It seems difficult to escape single twenty-somethings these days. They’re everywhere you look – in films, on the telly, releasing books, writing articles for online magazines…but this isn’t a bad thing. The single population are emerging unashamedly from their one-bedroom flats and as a fellow single person it makes me proud.
I’m openly a fan of rom-coms, particularly Richard Curtis’ Bridget Jones’s Diary, Love Actually, and Notting Hill. But I’d never really related to the desire to find a significant other. I loved the Bridget Jones films purely because I’d already experienced/could imagine myself experiencing Bridget’s faux pas – who hasn’t rocked up to a party in fancy dress that turned out to be just a normal party? The need to find my own Colin Firth, however, I couldn’t seem to muster.
The truth is, I love being single. I lie diagonally across my double bed and think about how great it is that I don’t have to cope with anyone’s snoring. I permanently wear leggings and sweatshirts and think how great it is that there’s no one to look ‘good’ for. The only issue is that people seem to think this attitude towards my singledom is weird.
And, surprisingly enough, most of the judgement comes from people my own age. I’ve had people suggest my lack of a boyfriend makes me somehow inferior, or even immature. But I honestly don’t feel like I’m missing out on anything. The relationships I have with my friends and family have, so far, offered so much more than one person could give.
I’d been a pretty romantic teenager, daydreaming about the perfect boyfriend; how we would meet, where we would go on our first date, the grand romantic gestures à la Heath Ledger in Ten Things I Hate About You. But when I was fifteen, I finally got my first ‘boyfriend’ – and I hated it.
Excited, but mostly confused, that I boy had found me attractive enough to ask out, I’d said yes without really thinking about whether or not this is what I wanted. As it turns out, it most definitely wasn’t. I’m a proud introvert – I’ve always relished the time I spend on my own, curled up with a book, or listening to music, but with a boyfriend, that time seemed interrupted.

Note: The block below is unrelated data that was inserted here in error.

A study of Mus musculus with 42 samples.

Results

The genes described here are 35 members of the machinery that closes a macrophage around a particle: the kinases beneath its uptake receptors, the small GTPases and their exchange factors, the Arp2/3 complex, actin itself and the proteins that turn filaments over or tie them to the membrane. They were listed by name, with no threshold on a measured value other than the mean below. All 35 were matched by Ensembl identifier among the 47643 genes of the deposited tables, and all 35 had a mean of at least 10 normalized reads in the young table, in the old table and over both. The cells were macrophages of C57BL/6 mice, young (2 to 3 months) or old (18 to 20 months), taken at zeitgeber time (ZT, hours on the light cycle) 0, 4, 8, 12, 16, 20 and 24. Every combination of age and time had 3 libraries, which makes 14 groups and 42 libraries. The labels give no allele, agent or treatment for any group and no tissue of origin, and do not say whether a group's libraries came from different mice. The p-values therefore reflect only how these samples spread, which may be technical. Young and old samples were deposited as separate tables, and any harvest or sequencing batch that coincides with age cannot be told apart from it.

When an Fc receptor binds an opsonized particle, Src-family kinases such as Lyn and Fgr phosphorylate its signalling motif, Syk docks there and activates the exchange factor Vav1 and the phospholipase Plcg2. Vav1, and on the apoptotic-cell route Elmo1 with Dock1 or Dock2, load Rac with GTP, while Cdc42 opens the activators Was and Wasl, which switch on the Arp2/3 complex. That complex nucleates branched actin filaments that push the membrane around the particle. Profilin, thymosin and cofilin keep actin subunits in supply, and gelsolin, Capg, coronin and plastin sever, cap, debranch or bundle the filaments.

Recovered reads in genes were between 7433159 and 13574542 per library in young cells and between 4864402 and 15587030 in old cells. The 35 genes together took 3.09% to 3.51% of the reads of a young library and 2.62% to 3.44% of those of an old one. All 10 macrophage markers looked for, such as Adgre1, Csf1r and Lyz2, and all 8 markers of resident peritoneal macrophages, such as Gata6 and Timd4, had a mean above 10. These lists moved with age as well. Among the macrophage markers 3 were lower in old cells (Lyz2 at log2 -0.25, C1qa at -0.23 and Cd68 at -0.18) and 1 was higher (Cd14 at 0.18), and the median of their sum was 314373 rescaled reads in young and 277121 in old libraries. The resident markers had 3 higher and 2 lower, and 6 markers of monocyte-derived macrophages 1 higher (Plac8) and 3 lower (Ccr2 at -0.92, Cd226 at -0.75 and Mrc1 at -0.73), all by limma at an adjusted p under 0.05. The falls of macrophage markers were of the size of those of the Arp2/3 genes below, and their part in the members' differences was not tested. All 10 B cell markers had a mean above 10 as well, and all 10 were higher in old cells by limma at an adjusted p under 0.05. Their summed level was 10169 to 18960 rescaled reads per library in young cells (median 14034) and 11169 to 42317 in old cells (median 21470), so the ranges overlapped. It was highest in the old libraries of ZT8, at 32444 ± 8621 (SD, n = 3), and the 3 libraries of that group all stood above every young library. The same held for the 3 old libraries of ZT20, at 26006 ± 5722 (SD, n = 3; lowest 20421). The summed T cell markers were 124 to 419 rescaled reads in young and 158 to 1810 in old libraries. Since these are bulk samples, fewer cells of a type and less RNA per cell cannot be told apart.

My phone was constantly pinging with messages from him, and rather being excited to speak to him or meet up with him again, it seemed more like an inconvenience. I was incredibly driven back then, and, with exams coming up, I didn’t want a fifteen year old boy standing in the way of what I wanted from my future. Five years later, I’ve maintained this mind-set.
I’m lucky enough to be surrounded by a family who fully support and encourage this outlook. I’m never expected to bring a plus one to weddings or other family events, and my close relatives rarely ask me about potential suitors. The closest I’ve got to this was at a recent wedding where elderly, well-meaning, distant relatives would whisper, “It’ll be you next” while giving me the wink, wink, nudge, nudge.
As kindly intended as this was, I couldn’t help feeling that it sounded like more of a threat than encouragement, something a sadistic executioner might mutter to someone on death row.
I’ve dated people here and there throughout university, but it’s always been more fun because I don’t feel pressure to gain anything long-term from it and it’s allowed me to focus on my future. It’s an attitude I feel society is beginning to increasingly accept as the average age of marriage has been slowly rising and more couples start families outside of wedlock.
On a plane back from a holiday to San Francisco, I watched How to be Single and loved it. It covered almost everything I’d wanted from my beloved rom-coms, from solo parenting to a successful friends with benefits relationship. But, most importantly, I got an ending where the main character is happily single, something I feel has been lacking from many films.
I’m not ruling out relationships, but at the moment my life feels full. I’m surrounded by wonderful friends and family and am truly enjoying the moments I get to myself. I might be single, but I’m definitely not alone.